The United States government’s budget deficit surged to an all-time high of $1.7 trillion for the first six months of this budget year, nearly double the previous record, as another round of economic-support cheques added billions of dollars to spending last month.
In its monthly budget report, the US Department of the Treasury said Monday that the deficit for the first half of the budget year — from October through March — was up from a shortfall of $743.5bn for the same period a year ago.
The deficit has been driven higher by trillions of dollars in support that Congress has passed in successive economic rescue packages since the coronavirus pandemic struck in early March 2020. The latest round came in a $1.9 trillion measure that President Joe Biden pushed through Congress last month.
Biden’s package included individual support payments of up to $1,400 and the administration rushed to make those payments as soon as Biden signed the measure into law. The Treasury statement showed that the payments in March totaled $339bn.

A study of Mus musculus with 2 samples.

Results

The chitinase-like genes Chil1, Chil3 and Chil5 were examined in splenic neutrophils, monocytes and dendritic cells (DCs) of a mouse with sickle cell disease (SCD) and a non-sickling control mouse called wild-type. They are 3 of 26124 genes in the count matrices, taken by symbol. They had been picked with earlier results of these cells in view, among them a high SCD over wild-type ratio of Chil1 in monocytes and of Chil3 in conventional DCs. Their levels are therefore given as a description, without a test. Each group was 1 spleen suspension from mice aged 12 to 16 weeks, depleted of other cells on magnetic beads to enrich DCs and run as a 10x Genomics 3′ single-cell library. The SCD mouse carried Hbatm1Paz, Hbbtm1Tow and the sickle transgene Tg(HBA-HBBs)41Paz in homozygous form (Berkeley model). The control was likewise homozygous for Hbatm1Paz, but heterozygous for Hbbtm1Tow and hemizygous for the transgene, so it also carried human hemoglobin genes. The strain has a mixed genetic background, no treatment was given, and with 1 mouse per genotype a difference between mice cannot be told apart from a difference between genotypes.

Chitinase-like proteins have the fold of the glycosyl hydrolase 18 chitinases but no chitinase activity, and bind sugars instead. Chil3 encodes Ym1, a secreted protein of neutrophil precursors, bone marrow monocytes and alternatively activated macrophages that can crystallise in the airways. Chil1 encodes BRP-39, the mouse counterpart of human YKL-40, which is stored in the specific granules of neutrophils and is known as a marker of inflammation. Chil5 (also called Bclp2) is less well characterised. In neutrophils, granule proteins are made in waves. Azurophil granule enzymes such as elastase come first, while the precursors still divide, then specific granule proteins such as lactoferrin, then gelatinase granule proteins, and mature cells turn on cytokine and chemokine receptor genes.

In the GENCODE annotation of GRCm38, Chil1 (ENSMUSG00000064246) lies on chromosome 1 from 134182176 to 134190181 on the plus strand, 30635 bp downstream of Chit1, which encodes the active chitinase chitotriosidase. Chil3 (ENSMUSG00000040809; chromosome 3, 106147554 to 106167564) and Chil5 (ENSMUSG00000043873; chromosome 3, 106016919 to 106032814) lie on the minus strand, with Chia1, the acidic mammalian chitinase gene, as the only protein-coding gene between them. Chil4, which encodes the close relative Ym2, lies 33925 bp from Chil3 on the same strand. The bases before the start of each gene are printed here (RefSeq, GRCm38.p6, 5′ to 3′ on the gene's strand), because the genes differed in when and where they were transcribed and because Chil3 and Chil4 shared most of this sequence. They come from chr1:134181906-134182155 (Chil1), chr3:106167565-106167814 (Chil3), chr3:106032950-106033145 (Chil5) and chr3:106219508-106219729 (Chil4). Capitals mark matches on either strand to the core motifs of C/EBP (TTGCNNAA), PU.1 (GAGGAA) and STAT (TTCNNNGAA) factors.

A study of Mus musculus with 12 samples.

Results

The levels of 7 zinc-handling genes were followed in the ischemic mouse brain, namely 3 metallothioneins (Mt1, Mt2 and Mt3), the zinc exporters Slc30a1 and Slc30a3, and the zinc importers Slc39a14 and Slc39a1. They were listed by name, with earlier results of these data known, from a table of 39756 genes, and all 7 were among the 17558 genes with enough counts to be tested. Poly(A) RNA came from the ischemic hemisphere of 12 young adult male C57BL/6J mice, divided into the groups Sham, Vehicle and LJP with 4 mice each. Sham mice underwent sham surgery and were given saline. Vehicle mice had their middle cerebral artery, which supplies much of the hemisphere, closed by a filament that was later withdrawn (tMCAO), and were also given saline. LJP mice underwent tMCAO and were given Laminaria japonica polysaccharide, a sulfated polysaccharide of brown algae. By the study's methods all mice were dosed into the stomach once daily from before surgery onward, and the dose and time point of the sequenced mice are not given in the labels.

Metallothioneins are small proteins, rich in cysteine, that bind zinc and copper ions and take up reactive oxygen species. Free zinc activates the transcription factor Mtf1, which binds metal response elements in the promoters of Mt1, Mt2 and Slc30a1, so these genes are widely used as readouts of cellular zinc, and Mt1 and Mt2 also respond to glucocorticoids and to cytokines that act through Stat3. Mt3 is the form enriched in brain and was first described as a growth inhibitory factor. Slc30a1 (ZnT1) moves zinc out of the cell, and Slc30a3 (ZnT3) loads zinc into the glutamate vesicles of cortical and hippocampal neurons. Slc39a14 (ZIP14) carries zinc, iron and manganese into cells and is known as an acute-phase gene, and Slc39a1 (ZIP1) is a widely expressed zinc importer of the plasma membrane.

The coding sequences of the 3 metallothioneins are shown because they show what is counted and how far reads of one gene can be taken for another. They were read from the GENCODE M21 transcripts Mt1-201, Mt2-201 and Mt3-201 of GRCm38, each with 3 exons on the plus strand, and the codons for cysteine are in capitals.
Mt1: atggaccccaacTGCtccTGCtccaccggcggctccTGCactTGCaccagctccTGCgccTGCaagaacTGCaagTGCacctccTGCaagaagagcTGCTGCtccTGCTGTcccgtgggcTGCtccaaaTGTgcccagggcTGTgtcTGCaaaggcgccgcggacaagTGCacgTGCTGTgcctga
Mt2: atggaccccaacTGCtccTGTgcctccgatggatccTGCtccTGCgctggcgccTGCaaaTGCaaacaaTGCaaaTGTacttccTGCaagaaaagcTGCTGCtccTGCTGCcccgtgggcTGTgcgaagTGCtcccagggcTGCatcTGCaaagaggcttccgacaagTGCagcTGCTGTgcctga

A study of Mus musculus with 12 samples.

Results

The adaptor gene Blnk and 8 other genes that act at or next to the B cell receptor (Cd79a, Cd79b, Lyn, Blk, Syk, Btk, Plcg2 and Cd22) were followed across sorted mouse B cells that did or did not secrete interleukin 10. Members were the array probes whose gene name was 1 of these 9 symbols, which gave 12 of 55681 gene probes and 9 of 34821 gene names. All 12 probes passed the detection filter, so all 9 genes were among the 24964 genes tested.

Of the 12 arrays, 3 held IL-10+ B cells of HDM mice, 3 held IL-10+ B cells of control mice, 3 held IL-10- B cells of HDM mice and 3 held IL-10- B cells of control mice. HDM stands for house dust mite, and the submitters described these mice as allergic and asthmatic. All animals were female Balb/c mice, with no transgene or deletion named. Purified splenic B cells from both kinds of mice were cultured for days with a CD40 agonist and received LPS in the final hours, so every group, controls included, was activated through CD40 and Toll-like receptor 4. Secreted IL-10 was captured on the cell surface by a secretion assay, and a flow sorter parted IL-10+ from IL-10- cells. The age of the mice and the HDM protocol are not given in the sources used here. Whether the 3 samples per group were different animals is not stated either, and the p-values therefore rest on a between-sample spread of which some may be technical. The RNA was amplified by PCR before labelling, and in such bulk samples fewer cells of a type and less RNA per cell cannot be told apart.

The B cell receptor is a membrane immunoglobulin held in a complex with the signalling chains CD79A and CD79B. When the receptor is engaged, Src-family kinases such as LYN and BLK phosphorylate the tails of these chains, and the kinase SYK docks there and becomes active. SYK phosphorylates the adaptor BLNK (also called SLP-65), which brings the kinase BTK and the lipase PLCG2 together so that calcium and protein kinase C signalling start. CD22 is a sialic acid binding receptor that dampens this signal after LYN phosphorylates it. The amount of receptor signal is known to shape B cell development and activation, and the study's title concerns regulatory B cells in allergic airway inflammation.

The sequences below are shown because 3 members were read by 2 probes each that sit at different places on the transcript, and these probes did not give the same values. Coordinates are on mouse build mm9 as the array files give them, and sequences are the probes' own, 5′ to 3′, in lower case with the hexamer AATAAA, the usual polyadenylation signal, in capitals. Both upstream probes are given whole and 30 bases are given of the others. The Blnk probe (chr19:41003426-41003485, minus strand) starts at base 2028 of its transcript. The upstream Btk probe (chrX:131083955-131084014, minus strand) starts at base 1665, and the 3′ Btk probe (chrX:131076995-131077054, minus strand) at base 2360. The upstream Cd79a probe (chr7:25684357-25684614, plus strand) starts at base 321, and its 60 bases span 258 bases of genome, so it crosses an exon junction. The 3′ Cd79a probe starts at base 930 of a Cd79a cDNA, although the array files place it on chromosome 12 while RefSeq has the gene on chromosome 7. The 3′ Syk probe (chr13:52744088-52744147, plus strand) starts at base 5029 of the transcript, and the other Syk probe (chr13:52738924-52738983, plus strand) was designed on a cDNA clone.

The budget report showed that the deficit for just March totalled $659.6bn, the third-highest monthly deficit. For the six-month period, the $1.7 trillion deficit total surpassed the previous record of an $829bn deficit that was run up for the six months ending in March 2011, a period when the government was spending to deal with the adverse effects of the recession caused by the 2008 financial crisis.
Last year’s deficit, for the budget year that ended September 30, totalled a record $3.1 trillion. The Congressional Budget Office estimated in February that this year’s deficit would total $2.3 trillion. But that estimate did not include the cost of Biden’s $1.9 trillion rescue plan that Congress passed in March or the impact of Biden’s Build Back Better infrastructure proposal that Congress is considering now.